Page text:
Last night we got a taste of life without abundant and relatively cheap electricity. A high voltage Rocky Mountain Power transmission line went down and left Brigham City without power for about 30 minutes. We were in the dark, but not really long enough to start getting cold.
Few of us can imagine what life would be like without abundant energy. My parents certainly do know what is like, since they both grew up with wood and coal burning stoves that cooked their food and provided what warmth there was in their humble homes.
When I was younger, I visited my grandparents in both of those homes, which had long since been converted to natural gas and propane. I remember some winters there also. My mom’s parents lived on the Bountiful bench which would usually get a few feet of snow throughout the winter. While my dad’s parents lived near Woodruff, which wouldn’t get much snow, but the -40°F temperatures more than made up for the lack of snow. They were survivors, or I wouldn’t be writing this now. Kerosene lamps, firewood, and coal allowed such survival, barely.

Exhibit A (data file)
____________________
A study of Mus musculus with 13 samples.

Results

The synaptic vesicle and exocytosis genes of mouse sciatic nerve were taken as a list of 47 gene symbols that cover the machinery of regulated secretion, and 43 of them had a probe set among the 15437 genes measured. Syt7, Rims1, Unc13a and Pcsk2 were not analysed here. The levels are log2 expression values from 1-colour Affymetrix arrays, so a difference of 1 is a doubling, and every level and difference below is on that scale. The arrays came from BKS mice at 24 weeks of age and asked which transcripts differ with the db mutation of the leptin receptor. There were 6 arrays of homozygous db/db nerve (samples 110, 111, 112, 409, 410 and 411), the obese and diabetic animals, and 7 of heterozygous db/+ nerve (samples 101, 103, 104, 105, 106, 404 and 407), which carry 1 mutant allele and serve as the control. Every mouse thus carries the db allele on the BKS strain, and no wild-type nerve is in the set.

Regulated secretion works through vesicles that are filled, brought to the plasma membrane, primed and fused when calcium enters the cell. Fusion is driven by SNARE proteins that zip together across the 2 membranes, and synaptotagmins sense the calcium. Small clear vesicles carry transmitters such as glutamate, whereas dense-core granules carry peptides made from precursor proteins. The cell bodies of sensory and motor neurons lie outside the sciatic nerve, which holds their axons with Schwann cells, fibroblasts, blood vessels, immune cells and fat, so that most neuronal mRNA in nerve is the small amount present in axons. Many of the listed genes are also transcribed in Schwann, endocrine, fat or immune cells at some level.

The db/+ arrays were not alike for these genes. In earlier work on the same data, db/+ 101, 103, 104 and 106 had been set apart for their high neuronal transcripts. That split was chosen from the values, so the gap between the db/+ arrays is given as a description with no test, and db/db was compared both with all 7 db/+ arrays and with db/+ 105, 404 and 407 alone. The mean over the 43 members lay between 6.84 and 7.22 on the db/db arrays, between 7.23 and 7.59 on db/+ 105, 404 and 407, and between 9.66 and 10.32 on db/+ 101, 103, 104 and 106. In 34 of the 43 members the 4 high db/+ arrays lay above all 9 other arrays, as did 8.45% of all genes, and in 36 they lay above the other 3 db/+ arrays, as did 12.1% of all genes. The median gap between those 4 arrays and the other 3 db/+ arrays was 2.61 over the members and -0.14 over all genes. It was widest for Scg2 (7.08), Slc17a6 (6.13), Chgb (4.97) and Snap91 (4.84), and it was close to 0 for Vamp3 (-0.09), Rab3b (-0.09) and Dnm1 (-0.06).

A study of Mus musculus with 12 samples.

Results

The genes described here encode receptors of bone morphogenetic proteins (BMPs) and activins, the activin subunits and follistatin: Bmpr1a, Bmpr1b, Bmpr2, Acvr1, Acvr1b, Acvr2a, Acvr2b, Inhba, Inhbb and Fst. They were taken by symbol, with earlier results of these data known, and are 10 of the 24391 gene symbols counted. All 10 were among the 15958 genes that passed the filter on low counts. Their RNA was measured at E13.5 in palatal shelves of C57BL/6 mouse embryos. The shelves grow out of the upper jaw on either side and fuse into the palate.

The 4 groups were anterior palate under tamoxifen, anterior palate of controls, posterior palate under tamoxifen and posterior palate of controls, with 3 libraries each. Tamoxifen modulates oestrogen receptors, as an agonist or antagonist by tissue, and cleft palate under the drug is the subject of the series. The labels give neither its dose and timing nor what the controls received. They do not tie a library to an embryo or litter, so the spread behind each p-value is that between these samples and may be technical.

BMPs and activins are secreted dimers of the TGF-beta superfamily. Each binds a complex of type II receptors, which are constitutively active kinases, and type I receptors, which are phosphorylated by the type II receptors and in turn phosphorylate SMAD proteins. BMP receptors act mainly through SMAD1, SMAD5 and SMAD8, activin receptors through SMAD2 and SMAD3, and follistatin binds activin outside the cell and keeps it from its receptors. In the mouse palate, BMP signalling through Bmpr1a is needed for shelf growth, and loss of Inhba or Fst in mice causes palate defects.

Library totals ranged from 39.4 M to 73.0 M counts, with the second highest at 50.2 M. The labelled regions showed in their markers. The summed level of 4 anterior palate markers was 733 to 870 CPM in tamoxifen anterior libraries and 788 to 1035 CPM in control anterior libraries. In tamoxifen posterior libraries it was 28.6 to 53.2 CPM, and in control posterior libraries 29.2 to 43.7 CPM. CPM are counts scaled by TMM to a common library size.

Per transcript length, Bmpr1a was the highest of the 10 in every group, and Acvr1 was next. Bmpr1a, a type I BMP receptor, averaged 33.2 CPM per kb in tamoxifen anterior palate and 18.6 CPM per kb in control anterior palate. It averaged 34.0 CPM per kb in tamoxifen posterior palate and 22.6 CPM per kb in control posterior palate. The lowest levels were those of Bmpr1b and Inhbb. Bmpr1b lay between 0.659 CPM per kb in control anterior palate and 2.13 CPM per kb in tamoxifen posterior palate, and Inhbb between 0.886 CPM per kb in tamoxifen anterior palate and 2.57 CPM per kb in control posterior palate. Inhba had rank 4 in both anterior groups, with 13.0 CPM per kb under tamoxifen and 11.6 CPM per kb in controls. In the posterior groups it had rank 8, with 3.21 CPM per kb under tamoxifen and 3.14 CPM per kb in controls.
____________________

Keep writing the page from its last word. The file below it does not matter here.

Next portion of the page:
Our lives are vastly more prosperous and productive today because of abundant energy. It has transformed our lives. I want that to continue, but it will not, unless we make decisions today that will allow scientists, engineers, physicists, and entrepreneurs the freedom to pursue nuclear energy without the killing regulations that only serve to keep the fossil fuelers in power and awash in money.
President Dwight D. Eisenhower said this on 8 December 1953 in a speech entitled, Atoms for Peace,
The United States knows that peaceful power from atomic energy is no dream of the future. That capability, already proved, is here–now–today. Who can doubt, if the entire body of the world’s scientists and engineers had adequate amounts of fissionable material with which to test and develop their ideas, that this capability would rapidly be transformed into universal, efficient, and economic usage?
(See paragraph 62)
Well, what the heck happened? Atomic Rod has written some well researched articles about what went wrong and who derailed the progress of nuclear energy. Click here to learn more.